Freedom Foundation Tied to Oregon Insurrection

Video shows that the anti-union group's office were used to plan the attack on the state capitol

Brian Young's picture
Jun 08, 2021

On December 21, 2020, a group of violent rioters stormed the Oregon Capitol breaking windows on their way in to stop debate on COVID restrictions and related public assistance. The rioters entered the capitol wearing flax jackets and carrying long guns with multiple magazines. Rioters broke glass doors on the west side of the Capitol building, fought with police, assaulted journalists, and tore tarps from the marble reliefs on the front steps. At least one sprayed police with a chemical agent forcing police to retreat as the air became filled with chemical irritants. The riot was seen as a precursor to the Capitol insurgency that happened only a few weeks later and included at least three people who were at the Oregon attack.

In the days after the riot, a video came to light that a Republican State Representative, Mike Nearman, opened a side door to let the rioters into the capitol building, which was closed due to COVID protocols. Now a new video has come to light showing Nearman planning the attack a few days prior at the headquarters of the anti-union Freedom Foundation.

According to a new video, in the days before the riot, Nearman met with the organizers of the event at the offices of the anti-union Freedom Foundation and spoke to them about strategy for which day would be best to hold their “protest.” Playing coy, he announced that if someone was to call a “random” set of numbers that day, they might hypothetically be let into the building. Of course, that “random” set of numbers was Nearman’s cell phone number.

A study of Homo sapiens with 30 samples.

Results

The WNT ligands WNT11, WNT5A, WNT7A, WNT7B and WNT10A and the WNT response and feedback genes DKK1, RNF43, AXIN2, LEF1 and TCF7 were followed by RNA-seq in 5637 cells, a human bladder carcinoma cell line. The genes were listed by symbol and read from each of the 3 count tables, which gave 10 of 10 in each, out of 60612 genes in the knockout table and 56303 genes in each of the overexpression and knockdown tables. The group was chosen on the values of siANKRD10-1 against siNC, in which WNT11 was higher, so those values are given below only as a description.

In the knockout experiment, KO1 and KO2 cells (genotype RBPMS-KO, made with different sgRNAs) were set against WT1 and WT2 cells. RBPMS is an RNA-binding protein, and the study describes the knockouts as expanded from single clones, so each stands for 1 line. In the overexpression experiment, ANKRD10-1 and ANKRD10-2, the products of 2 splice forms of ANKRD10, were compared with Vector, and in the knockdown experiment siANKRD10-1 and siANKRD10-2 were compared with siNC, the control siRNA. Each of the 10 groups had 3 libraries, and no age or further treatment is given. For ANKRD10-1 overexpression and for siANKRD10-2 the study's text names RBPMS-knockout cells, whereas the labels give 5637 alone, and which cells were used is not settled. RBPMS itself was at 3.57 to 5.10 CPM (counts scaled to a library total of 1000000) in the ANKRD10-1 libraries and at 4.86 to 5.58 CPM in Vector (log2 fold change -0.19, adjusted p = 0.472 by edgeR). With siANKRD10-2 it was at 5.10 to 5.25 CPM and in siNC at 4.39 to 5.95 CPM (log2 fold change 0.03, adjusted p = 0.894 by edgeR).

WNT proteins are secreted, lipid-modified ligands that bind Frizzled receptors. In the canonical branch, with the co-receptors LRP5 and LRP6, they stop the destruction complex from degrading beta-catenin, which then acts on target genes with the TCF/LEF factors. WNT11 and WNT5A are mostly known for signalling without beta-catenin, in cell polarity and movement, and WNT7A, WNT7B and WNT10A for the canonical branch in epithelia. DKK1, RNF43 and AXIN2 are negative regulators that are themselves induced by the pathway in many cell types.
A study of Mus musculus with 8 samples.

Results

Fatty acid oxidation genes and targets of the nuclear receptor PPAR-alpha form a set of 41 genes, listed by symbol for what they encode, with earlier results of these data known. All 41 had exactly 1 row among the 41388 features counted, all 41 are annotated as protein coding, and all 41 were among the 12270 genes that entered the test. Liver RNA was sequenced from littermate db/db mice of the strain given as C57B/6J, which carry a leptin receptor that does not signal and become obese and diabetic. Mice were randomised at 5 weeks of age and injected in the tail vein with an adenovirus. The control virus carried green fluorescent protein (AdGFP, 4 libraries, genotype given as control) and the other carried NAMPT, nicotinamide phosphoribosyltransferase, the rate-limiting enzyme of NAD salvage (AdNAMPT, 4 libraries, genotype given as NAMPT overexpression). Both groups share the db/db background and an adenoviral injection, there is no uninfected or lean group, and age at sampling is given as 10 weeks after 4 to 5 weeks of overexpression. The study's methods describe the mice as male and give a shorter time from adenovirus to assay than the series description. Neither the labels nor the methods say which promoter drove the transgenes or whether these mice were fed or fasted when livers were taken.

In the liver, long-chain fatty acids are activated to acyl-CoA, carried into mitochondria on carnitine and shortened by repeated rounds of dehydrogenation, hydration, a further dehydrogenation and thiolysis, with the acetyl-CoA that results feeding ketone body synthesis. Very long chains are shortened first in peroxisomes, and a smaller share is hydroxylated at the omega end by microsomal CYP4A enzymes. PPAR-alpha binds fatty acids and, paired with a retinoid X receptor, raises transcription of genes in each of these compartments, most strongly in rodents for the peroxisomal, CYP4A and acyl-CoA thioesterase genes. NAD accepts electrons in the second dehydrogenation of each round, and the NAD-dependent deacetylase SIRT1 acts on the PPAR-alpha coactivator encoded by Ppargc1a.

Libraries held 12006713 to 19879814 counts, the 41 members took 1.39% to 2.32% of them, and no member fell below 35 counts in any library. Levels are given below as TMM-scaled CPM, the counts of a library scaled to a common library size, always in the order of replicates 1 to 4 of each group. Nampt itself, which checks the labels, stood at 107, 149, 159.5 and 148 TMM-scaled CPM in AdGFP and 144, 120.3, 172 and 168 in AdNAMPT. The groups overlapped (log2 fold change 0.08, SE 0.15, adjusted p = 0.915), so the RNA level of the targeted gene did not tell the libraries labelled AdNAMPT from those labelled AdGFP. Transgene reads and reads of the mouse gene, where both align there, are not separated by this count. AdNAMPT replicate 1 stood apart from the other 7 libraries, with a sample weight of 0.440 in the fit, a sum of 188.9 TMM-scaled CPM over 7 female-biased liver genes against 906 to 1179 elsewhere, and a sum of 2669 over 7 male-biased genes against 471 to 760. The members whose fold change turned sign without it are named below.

"There might be some person's number which might be [his cell phone number], but that is just random numbers," Nearman said. "That's not anybody's actual cell phone. And if you say, 'I'm at the West entrance' during the session and text to that number there, that somebody might exit that door while you're standing there.'"

The Freedom Foundation, a Koch-brothers-backed anti-union group that has led anti-union efforts in the Northwest for years, listed Nearman as a “Senior Fellow” on their website up until a few days ago when the video was released by Oregon Public Broadcasting. He was previously the Oregon State Director of the organization. The group has admitted that the meeting took place at their Salem office, although they claim it was not a Freedom Foundation sanctioned event. Instead, they referred to it as a “meeting with a group of citizens learning about the legislative process.”

Nearman reportedly resigned from the Freedom Foundation on Monday, June 7th after the video was released.

Even after the Capitol Insurrection and the attack on the Capitol in Oregon, Nearman refused to back down. He was scheduled to headline a 2nd Amendment rally on May 1st that was being put on by groups like the Proud Boys and the III Percenters, both groups that took part in the Capitol insurgency. The only reason that Nearman didn’t speak at the rally was that he was charged the day before with two misdemeanors for official misconduct and criminal trespass.

After the video of Nearman plotting with the rioters at the Freedom Foundation was released, all 22 members of the Oregon House Republican Caucus signed a letter demanding that Nearman resign. They previously stripped him of his committee assignments and took away his badge access to the Capital. He is now required to give 24-hour notice before entering the building.

If Nearman does not resign, an expulsion hearing will take place. On Monday, House Speaker Tina Kotek, D-Portland, announced that a special House committee made up of three Democrats and three Republicans would investigate the case against Nearman and decide if he violated any House rules.